What’s the Matter? icon

How can we build a planet with its millions of different kinds of things from just 92 bags of stuff? Chapter 3 guides you from ancient Greek ideas to the modern understanding of elements, atoms, and subatomic particles.


  • Exploring Systems
    This exercise provides experience in thinking about, discussing, and analyzing systems. We use three systems questions: What are the parts of the system? How does the system function as a whole? How is the system part of larger systems?


  • Chemical Reactions Preview   DVD icon
    Preview a clip from the chemical reactions experiment on the Dr. Art Does Science DVD.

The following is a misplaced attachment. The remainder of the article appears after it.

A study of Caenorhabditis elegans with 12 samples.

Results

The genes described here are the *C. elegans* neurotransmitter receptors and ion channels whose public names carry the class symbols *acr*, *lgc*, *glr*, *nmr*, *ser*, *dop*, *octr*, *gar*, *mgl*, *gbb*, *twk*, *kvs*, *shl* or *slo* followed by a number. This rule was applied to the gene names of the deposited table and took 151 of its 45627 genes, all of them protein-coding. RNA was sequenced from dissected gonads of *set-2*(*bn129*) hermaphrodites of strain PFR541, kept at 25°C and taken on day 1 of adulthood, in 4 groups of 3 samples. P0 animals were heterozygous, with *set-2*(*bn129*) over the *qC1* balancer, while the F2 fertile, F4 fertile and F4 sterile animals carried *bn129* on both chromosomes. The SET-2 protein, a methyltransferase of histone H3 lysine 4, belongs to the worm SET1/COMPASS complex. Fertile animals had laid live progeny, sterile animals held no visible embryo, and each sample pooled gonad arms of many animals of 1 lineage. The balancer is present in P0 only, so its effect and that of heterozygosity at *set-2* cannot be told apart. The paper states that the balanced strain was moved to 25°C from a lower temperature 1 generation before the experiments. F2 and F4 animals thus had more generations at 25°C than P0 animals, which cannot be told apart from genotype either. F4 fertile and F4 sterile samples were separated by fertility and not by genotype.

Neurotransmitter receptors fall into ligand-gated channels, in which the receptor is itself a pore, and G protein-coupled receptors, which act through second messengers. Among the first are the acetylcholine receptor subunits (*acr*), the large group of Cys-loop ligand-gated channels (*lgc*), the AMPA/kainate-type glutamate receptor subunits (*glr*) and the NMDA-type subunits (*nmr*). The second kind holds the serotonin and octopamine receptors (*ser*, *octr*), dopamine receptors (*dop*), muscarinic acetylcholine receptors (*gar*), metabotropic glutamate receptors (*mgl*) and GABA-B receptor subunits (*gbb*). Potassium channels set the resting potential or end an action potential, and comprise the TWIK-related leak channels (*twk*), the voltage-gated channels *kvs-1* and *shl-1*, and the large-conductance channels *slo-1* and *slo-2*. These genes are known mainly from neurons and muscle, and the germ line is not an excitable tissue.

• Electrolysis Video Preview   DVD icon
    Preview a clip from the electrolysis experiment on the Dr. Art Does Science DVD.
  • Elements Song   DVD icon
    An animated version of Tom Lehrer?s Elements song.
  • Why Matter Is Hard
    We learn that the atom is mostly empty space. Yet, we experience that matter is hard. Dr. Art discusses this question in the book, and this video also provides an explanation.


Just Kidding

Dr. Artostotle, page 29
There was no Greek philosopher named Dr. Artostotle. The closest was a philosopher named Aristotle, who had many science ideas, but he rarely did experiments, and he certainly did not do the experiment described on page 29.

Waving Electrons, page 40
Despite what I wrote on page 40, electrons do not wave for the home team. Electrons are too small to root for sports teams. This is also a science ?in joke.? Subatomic particles such as the electron have the properties of both waves and particles. A wave is spread out in space. A particle occupies a very definite point in space. Since these two things seem to be opposites, physicists in the early 1900s went crazy trying to figure out what an electron is.